Retail spending recovered strongly in the second half of 2020, more than offsetting the slump in June, to end 6.4% higher in the year to December 2020. And this strong recovery was experienced across much of the sector, with all broad segments of spend (barring cafés and restaurants) posting year-to gains in the December quarter.
Much of the strength in retail spending through 2020 was due to the fact that there wasn’t much else that households could spend on, especially with both international and interstate travel off the cards. And while 2021 is shaping up as an economic recovery year, for those retailers that were ahead of the pack in 2020, a transition back to more normal spending behaviour could mean that 2020’s windfalls were temporary.
There are definitely some challenges ahead. The fiscal stimulus tap has been turned down to a drip, meaning less money for households to spend. Luckily, they are more likely to feel like spending what they do have given the good news on vaccines and increasingly fewer restrictions across activities.
But the economic recovery and re-opening of industries will more likely be a headwind than a boon for many retailers in 2021. Those big winners in 2020 are likely to face higher risks in 2021 as the share of wallet starts to normalise back to pre-COVID levels.
Because of these challenges, retail spending is expected to track steady over the course of 2021. Consumers’ war chest of savings will provide plenty of ammunition even in the face of declining fiscal support, but retailers will struggle to hang on to the market share gains they enjoyed in 2020. Overall, spending is forecast to slow in the second half of the year, ending 0.4% lower in the year to December 2021.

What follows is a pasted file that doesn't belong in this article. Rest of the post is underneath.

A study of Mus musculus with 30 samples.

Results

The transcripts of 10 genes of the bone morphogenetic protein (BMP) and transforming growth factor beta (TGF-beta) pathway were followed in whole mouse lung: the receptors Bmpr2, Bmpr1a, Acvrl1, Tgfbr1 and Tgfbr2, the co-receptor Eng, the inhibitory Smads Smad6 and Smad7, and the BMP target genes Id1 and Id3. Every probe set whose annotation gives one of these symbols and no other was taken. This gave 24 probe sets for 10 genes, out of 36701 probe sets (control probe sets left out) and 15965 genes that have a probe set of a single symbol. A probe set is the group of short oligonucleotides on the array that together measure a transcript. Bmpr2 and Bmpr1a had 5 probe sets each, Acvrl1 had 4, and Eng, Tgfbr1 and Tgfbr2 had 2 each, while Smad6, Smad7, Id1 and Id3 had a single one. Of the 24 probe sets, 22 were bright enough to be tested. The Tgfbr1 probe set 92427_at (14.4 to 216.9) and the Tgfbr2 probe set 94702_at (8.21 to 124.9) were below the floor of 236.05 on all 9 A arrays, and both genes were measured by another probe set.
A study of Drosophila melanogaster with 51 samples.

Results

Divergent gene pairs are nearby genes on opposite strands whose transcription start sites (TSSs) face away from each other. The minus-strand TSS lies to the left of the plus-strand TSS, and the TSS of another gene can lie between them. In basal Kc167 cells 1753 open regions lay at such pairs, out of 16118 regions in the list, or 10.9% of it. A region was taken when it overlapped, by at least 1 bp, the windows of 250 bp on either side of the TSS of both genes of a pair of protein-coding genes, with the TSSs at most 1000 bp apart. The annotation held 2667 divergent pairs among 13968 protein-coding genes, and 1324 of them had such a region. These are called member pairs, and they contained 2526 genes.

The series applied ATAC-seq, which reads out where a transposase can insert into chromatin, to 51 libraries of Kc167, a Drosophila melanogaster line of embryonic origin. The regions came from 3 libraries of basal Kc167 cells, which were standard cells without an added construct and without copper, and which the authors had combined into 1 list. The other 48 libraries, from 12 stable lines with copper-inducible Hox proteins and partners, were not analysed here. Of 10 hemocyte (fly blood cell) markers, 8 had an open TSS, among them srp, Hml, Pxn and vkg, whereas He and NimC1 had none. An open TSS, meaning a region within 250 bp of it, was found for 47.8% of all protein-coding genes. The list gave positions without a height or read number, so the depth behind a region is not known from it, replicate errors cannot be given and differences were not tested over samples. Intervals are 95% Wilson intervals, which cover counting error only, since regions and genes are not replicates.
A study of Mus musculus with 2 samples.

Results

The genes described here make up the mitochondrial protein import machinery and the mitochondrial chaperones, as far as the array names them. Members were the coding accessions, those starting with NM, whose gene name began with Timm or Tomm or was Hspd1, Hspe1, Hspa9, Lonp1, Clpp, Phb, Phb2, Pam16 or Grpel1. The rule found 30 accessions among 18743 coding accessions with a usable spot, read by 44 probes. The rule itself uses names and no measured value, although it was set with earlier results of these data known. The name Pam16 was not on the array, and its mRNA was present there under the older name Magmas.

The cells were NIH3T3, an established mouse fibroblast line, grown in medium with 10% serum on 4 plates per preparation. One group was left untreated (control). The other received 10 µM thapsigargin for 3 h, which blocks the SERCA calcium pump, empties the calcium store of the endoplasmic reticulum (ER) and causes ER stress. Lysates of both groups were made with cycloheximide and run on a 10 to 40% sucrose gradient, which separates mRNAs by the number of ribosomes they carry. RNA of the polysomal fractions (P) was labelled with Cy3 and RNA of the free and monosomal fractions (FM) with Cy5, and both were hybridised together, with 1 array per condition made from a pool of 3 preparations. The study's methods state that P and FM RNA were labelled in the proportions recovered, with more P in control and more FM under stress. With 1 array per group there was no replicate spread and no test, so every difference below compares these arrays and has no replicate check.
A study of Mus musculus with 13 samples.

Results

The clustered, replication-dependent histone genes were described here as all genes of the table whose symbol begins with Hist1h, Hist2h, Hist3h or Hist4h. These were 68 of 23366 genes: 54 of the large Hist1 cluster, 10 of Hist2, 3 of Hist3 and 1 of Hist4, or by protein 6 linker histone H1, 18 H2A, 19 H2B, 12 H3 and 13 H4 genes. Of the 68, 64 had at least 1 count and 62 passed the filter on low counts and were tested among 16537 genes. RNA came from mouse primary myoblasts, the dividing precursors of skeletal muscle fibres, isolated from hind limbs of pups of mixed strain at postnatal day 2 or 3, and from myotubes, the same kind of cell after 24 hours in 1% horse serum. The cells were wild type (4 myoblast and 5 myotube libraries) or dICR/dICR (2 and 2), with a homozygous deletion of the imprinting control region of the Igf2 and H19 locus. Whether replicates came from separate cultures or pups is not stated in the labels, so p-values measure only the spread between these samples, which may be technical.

Nominal and real Australian retail turnover
Some retailers are also expected to face more difficult conditions than others. This is especially the case for those that have benefited from the lockdowns through 2020. Household goods and specialty food retailing increased both their share of consumption and share of income. This means households were willing to spend extra money in these areas as they limited spend elsewhere. Around 8.2% of household goods retailing in 2020 was due to increased spending as a share of income, but this may be at risk going forward as households reassess their spending behaviour.
Share of 2020 retail spend at risk, by category
For now, it looks like broad spending patterns are reverting back to pre-COVID shares, but at a slow rate. It will take time for certain parts of spending to reboot, including hospitality and travel, as border disruptions remain a threat.
If these issues are wholly resolved by vaccines, the shift in spending behaviour could be even more pronounced, and result in a bigger handbrake for retail spending.
David is a macro economist with extensive experience in applied economic and quantitative analysis of the Australian economy, along with considerable experience in labor market analysis. David is a regular commentator on macroeconomic trends, and prepares a weekly economic briefing newsletter.